Yellowfin has faced challenges trying to hire more women into data-related roles. To effect change, we recognize we have to increase the size of the hiring pool - and to do that, we need to start early.
We've partnered with established not-for-profit organizations and many emerging women in top technology networks to focus on engaging women with technology and STEM education from a young age - all through to adulthood. There are three key pillars to Yellowfin’s social impact programs that come under the umbrella of Women in Data.
1. Young ICT Explorers Accelerator Competition
The Young ICT Explorers Accelerator Program is run by the Smith Family, a not-for-profit in Australia that partners with schools from a low socioeconomic demographic to engage children from primary through to secondary school in technology.
For children from lower socioeconomic or disadvantaged backgrounds, just four out of 10 are meeting the government required standard for technology, compared to seven out of 10 for children from higher socioeconomic backgrounds, according to the Smith Family. If these children aren’t getting exposure to tech, they’re not increasing their tech literacy - and that limits their future opportunities in an increasingly digital world.
The competition is run by SAP and involves children in the partner schools are then asked to create a project using technology. Teachers are directly supported with mentoring and resources that they may not otherwise have had access to. For example, they may receive teaching support for coding languages, like Java. In turn, this helps spark the kids’ imaginations and encourages them to get involved and create something.
As a judge, I'm privileged to meet and interact with the teachers and kids. The judging often falls on my birthday and honestly, I don’t want to be anywhere else. This year the event was virtual, which means I’ve been able to see projects from all over Australia.
The level of innovation is absolutely phenomenal and I’ve seen so many amazing projects over the years. The design thinking and thought process that the children have gone through has really impressed me, often more than the tech. They look at real world problems and try to address them using technology. One that stands out from last year was a 3D experiential game that assisted people to manage anxiety and depression. There have been others that have dealt with food scarcity and environmental issues, with kids engaging with not for profits to support development of their solutions.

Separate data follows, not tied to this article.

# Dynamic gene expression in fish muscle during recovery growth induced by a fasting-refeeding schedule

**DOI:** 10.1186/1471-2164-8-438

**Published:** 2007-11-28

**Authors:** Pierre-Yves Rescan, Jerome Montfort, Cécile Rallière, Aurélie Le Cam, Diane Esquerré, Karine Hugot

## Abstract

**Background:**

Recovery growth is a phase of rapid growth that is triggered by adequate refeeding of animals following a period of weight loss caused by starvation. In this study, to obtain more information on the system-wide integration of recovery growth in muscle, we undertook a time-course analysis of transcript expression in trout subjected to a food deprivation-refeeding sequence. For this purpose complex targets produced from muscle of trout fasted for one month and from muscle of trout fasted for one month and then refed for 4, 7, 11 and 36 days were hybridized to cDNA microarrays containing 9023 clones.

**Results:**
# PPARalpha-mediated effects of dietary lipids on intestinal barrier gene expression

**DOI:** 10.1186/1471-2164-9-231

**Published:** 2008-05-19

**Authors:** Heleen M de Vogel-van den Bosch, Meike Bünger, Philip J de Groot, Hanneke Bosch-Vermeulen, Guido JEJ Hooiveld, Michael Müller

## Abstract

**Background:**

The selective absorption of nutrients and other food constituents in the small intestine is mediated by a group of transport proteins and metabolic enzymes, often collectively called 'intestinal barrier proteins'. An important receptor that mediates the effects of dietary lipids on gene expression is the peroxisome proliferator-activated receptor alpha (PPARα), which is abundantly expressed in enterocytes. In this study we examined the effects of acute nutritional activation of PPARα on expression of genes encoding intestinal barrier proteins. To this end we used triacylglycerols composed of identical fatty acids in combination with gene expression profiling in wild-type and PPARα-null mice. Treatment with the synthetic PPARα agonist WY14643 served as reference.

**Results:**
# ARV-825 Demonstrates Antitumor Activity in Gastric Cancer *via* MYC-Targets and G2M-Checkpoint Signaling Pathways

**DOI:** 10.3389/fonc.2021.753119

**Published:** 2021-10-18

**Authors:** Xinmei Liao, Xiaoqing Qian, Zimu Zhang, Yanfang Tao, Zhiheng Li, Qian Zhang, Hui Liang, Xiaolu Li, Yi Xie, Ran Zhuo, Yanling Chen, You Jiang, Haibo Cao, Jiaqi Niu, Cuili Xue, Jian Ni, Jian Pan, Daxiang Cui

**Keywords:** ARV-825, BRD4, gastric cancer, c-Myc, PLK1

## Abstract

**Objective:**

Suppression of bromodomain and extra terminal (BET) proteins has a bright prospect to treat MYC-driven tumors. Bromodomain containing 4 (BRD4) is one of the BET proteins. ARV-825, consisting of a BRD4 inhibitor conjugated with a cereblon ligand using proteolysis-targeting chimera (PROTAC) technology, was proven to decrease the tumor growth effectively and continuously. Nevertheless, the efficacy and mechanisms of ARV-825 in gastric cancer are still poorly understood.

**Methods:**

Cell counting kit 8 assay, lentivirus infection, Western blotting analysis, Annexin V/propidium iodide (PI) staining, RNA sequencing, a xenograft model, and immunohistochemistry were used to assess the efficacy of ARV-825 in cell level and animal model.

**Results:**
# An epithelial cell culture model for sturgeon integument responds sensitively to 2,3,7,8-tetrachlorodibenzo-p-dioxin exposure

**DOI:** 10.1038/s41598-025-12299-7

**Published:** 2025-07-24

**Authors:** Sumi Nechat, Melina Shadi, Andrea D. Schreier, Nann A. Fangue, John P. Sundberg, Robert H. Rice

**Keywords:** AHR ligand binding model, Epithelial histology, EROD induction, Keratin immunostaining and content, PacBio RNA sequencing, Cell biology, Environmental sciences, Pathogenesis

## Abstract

Looking at the projects that are created as part of the Young ICT Explorers Accelerator Program, I think the future of innovation and technology looks extremely bright.
Learn more: Young ICT Explorers
2. GoGirl, Go for IT
GoGirl, Go for IT by VIC ICT for Women focuses on girls from grade five to year 12. It is a one-day biannual technology showcase that shows girls what a career in IT might look like, with an opportunity to engage with women who work in tech, including Yellowfin.
There are a whole host of engaging presenters and workshops but it’s not a hard sell. It's really just about exposing these young women to the idea of technology. The perception is that technology is just about coding and that’s turning a lot of women off the industry - they don’t necessarily see themselves as someone who wants to code. By coming to this one day showcase, they get to see the breadth of the careers and opportunities on offer. It’s about making an informed decision, rather than relying on stereotypes.
The data from the event shows that the interest of participants is piqued, with 10% saying they’re more likely to consider a career in tech. More importantly, many also say they will come back next time where they will potentially be exposed to a different set of women and learn things that might inspire them further.
Learn more: Go Girl, Go for IT
3. She Loves Data
She Loves Data was originally aimed at women straight out of university, but it’s increasingly attracting women who are mid-to-late career. It’s pleasing to find women are actually looking into the program to test their interest in data and gain some skills.
Women can participate in workshops that assume no previous knowledge and cover a range of topics from databases, data visualization and introduction to analytics. These skills can then be used as a springboard to further study or give the women confidence to pursue careers in different areas.
The event is open to anyone and has grown into a movement quite quickly. She Loves Data now has 15,000 members around the world. They have the opportunity to connect, share stories, ideas, network and engage on an ongoing basis. I think having a established community like this supporting women provides strength and confidence.
Participating in these programs has been a great way to actively engage with the talent pool, but that’s not how we measure success. We measure success by looking at the growth of these programs, and they have all been incredibly successful. She Loves Data has gone from being an Asia Pacific event a couple of years ago to a global movement that continues to grow. We joined the Young ICT Explorers Accelerator Program in 2017 when it was a pilot and last year over 360 children were involved across 30 schools.
We're really proud of our Women in Data program and the impact it's having. It’s gratifying to see these programs encouraging women of all ages to have an interest in STEM. I believe that will flow through to the point where we see more women looking for roles in the industry. It is also an opportunity for our employees to engage with the community and give back - and that’s enormously satisfying as well.
Learn more: She Loves Data
There’s a place in tech for girls just like you
Highlighting and helping foster opportunites for women in the tech industry is extremely important to our team - hear directly from the Yellowfin girls on why you should consider a career in technology today.